What to Wear to the Gym

The gym was a foreign place to me when I started working out. I had no clue what I was doing, but I had determination. All that really mattered was that I had a desire to be there, so what I wore didn’t make that much of a difference. However, I’ve learned a few things that would have made me more comfortable.

When I first went to the gym, I usually wore cotton or a cotton blend (sweats and a t-shirt) because I didn’t know that there were better alternatives. It doesn’t have to cost a fortune! I buy budget-friendly items with the exception of athletic shoes.

Athletic Shoes

If I’d only known when I first started working out that I could have saved myself from many painful blisters and other injuries by choosing the right shoes and socks, then would not have hesitated to spend money on good quality shoes because it makes a huge difference.

Shoes are an investment. I eventually found my way to a running store to be properly fitted. I wish that I’d done that when I first started walking, but I didn’t even know running stores existed. The employees watched me walk on a treadmill to see how I walk and run to suggest the proper fit. There are many categories of shoes such as over pronator, neutral pronator, and supinator. Those might seem like foreign words, but it can make a huge difference in preventing injuries and generally making the experience more pleasant.

I found deals on 6pm.com once I knew what kind of shoe to buy. The activity that I am doing also makes a difference in which shoes I wear. There are specific shoes for running, walking, and trail running. I do all three, so I have different a pair for each activity. This is not a marketing ploy. There are differences in how the shoes are constructed. I do not buy cross-trainers because they are meant to cover all activities, but that means compromises on specific features, so they are not great for any of them. Shoes also need to be replaced after 300 – 500 miles.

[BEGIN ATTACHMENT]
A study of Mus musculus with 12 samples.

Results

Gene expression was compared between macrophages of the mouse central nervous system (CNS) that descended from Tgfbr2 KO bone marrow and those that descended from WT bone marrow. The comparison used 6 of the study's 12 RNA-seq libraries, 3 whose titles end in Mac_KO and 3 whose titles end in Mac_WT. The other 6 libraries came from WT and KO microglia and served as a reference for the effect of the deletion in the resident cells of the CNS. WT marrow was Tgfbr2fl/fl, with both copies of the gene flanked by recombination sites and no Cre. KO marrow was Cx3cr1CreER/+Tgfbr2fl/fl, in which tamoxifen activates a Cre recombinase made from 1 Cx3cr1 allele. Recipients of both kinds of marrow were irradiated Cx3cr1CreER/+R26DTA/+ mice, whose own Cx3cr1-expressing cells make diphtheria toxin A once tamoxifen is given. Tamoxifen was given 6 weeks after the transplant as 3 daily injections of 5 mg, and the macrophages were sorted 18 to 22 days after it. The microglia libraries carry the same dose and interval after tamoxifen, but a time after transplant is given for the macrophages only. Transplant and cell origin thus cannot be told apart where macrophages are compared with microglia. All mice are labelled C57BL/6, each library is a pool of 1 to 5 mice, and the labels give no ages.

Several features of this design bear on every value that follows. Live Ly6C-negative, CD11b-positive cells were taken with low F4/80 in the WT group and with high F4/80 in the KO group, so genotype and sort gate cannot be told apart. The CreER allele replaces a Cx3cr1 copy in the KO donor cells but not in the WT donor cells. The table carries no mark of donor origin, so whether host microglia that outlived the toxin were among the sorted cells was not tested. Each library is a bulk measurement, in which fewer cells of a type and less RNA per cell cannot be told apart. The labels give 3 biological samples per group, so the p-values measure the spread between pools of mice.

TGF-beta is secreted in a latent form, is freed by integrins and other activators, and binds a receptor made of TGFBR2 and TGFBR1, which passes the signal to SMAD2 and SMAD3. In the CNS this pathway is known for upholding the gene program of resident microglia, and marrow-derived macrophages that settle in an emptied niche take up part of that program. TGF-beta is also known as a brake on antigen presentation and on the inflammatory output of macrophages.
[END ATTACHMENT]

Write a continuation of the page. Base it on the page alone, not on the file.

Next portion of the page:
Asics Walking Shoes




Do not wear cotton! They absorb moisture rather than wicking, so I had extremely painful blisters.

Shirts

Most tops that are made for working out are made of polyester or a polyester blend. This helps to wick away sweat to prevent chafing. When I run outside in the summer, I get chafing near my underarms from the repetitive motion. There is a product called Body Glide that prevents chafing. It also works wonders for thigh rub and can be purchased at most sporting goods stores.


Sports bras are sold in three categories; high impact, medium impact, and low impact. These also have specific purposes. High impact bras are good for running. Medium impact bras are good for walking. They are generally more comfortable than high impact. Low impact bras are only used for activities like yoga. Again, the material is important. Cotton sports bras hold moisture, so a polyester/spandex blend is important. I found that Target has reasonable prices and good quality.


I wear capris or shorts year-round unless I’m outdoors. I dress as if it is 30 degrees warmer because once I’m moving, it feels much warmer. Gyms are kept at a comfortable temperature, so if it’s 7o degrees, then it’ll feel more like 100 degrees when I am done. Bottoms are always a polyester/spandex blend to keep them in place and wick away sweat.


I try not to use anything metal or plastic in my hair because it causes breakage. The exception to that rule is the new plastic ponytail holders that look like old-style phone cords. They rock!


These are certainly not necessary. I didn’t have one when I started out. After I bought a FitBit, I started to see benefits of setting step goals for the day or week. They are expensive, but if it keeps me motivated, then it’s worth it.

The Garmin is only worn when I run or walk outside. The reason is that it connects to GPS and logs distance. My FitBit does the same, but beyond a shadow of a doubt the FitBit is not accurate for distance. When I’m outside I wear both. Do I really need all of this stuff strapped to me? No, but I like to have the data.